Earlier this week, word got out that Josh Duggar of the TLC reality show 19 Kids and Counting had two accounts with Ashley Madison, the website where married people go to look for sexual partners to cheat on their spouses.
The site, whose tagline is “Life is short. Have an affair,” was the target of an enormous hack, which exposed the email addresses and some credit card information of its nearly 37 million users.
Duggar is not the only famous name to be associated with the site, and as people continue to sift through the expanding database, he surely won’t be the last.
But this column isn’t about Josh Duggar. It’s about Josh’s wife, Anna, and the misguided notions of forgiveness that some Christians subscribe to.
“Anna will not leave Josh,” a source told People magazine.
“As with her in-laws, she is turning more to her faith than ever. She and Josh are probably praying around the clock right now, I would assume.”
Earlier this year, Duggar’s past molestation of his sisters and a babysitter came to light, as did the troubling fact that he had faced little more in the way of consequences than Christian-based counseling and a lecture from a police officer who was a family friend.
Now, it seems that his sexual misbehavior isn’t all in the past. He has admitted to cheating on Anna — the mother of his four children, the youngest born in July. These Ashley Madison accounts didn’t create themselves; they required thought and foresight. They required many steps to set up, and even more thought to follow through on.
One of the worst things that has come out of “professional Christianity” — whether it’s reality TV stars or celebrity pastors — is the narrative that forgiveness is the same thing as reconciliation.
When I read that Anna Duggar is unlikely to leave her husband, I knew why. It’s because she feels that she doesn’t have a choice. If she chose to stay after months of prayer and marital counseling that held Josh responsible for his actions, her decision might have some integrity.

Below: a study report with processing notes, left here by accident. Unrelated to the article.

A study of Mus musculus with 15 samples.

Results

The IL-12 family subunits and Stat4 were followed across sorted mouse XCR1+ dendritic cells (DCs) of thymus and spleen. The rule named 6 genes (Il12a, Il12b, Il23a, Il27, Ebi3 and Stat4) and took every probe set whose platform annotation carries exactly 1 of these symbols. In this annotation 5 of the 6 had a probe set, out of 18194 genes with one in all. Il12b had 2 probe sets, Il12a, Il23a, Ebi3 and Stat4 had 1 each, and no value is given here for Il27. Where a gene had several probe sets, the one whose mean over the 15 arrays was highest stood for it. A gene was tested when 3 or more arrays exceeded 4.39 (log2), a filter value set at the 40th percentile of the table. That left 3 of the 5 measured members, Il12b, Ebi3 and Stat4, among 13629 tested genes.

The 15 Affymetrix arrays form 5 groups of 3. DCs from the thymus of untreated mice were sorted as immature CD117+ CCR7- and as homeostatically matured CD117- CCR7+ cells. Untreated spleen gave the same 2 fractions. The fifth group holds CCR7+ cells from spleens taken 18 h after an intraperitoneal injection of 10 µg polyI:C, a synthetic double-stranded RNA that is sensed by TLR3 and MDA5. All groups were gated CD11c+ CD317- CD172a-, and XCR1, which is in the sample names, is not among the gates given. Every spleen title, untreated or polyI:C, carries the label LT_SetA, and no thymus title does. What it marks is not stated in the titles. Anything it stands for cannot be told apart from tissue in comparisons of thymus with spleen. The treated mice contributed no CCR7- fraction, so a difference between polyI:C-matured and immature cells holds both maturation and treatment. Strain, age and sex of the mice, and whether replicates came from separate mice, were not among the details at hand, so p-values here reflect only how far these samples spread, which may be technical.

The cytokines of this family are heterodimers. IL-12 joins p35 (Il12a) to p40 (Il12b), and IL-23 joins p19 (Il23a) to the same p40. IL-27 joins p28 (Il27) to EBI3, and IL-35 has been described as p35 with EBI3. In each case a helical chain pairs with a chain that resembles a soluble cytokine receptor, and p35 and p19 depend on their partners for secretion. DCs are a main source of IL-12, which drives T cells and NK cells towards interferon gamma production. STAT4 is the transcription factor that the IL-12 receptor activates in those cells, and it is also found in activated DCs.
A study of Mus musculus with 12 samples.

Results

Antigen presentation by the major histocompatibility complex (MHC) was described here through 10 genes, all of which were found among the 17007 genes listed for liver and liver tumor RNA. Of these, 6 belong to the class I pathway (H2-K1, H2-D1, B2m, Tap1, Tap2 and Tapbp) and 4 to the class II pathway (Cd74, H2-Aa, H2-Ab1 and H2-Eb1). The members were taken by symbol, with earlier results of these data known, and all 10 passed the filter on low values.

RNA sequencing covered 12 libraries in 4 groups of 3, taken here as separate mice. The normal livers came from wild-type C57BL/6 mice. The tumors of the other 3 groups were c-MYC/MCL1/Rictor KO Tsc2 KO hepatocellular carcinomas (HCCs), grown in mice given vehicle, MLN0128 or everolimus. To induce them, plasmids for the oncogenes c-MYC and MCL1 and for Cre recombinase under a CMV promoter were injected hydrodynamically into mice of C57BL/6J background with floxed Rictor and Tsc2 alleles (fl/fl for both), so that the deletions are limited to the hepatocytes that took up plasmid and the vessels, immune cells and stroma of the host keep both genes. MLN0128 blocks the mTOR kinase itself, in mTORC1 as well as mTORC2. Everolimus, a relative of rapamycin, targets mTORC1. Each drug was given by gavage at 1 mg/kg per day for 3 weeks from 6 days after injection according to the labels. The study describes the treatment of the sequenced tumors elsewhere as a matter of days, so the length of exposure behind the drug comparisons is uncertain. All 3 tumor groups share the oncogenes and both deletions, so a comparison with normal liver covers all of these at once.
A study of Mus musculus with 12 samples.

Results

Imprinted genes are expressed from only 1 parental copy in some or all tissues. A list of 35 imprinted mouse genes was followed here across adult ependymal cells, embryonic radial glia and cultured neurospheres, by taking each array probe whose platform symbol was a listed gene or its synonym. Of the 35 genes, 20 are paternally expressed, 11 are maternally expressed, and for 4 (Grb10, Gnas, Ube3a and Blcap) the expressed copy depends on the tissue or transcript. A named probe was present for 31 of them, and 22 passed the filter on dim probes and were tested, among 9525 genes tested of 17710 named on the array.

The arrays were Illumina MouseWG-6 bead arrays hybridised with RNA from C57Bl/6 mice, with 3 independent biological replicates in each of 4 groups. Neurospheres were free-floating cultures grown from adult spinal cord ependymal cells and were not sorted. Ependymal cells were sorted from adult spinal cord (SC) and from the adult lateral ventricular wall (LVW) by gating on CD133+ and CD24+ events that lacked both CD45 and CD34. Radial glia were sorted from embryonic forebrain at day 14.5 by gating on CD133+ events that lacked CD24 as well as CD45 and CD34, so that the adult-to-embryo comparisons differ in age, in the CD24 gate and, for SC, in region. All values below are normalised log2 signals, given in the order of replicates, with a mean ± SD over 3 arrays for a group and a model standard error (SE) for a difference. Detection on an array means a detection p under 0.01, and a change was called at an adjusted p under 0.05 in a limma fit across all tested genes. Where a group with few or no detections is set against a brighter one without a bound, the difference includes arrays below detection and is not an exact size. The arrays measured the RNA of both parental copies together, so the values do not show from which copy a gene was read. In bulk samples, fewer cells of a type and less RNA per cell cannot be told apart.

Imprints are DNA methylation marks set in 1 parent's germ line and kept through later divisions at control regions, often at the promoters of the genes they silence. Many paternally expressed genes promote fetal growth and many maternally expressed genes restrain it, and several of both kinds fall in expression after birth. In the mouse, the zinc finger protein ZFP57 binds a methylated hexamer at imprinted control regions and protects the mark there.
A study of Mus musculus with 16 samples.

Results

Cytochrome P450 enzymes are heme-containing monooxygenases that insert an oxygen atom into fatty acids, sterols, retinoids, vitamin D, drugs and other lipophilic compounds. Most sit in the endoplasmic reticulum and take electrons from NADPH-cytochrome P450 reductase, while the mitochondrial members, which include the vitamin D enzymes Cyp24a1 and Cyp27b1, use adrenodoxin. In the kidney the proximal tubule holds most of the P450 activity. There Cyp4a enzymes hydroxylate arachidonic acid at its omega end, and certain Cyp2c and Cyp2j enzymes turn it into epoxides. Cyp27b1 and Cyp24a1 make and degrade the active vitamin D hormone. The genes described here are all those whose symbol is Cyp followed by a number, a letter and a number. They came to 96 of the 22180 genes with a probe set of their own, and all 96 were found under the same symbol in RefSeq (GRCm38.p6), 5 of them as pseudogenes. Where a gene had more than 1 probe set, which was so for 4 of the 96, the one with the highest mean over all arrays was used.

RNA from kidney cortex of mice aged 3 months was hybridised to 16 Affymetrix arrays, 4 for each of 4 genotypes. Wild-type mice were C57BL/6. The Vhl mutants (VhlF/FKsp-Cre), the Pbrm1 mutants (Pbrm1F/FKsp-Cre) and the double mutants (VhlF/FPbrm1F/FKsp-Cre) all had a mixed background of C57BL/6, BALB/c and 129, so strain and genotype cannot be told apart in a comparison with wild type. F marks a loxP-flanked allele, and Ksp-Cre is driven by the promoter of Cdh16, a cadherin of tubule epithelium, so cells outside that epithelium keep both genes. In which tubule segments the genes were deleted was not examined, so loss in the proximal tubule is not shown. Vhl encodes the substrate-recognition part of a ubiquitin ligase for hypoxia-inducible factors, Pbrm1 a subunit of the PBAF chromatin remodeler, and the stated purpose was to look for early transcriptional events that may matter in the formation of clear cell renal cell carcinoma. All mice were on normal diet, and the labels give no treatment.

But this is mere days after she found out that her husband had been cheating on her and having sex with strangers — all while proclaiming the value of family.
This false forgiveness is too often the result of the pressure “professional Christians” feel to forgive when they are in the public eye.
We make their shows — about “family values” — into cash cows for the cable networks, whose only goal is to make more money than last quarter, and then we ask these television stars to be perfect, or at least act like it.
Anna Duggar can forgive Josh without continuing their marriage. She can separate from him, divorce him, win custody of the kids — and still forgive him.
To forgive does not mean that you return to the same relationship you had with someone before they hurt you. In fact, sometimes wisdom demands that you make changes to a relationship even as you forgive.
Jesus addresses this in the Sermon on the Mount, when He says “Do not give dogs what is sacred; do not throw your pearls to pigs. If you do, they may trample them under their feet, and turn and tear you to pieces.”
Once someone has shown himself to be untrustworthy, you do not continue to give him your trust. It is unwise. That is not to say that he can never change, or that Anna must leave him. But it is to say that forgiveness is not facile. It is bold, clear-eyed, and cautious, or it ought to be. You can forgive without going immediately back to the way things were. In fact, that’s probably the best way to move forward in this situation.
This will play out very publicly for the Duggar family, because they have chosen to live their lives in the public eye. People always fall from pedestals, and we’re always surprised when they do. Now at least they don’t have as far to fall.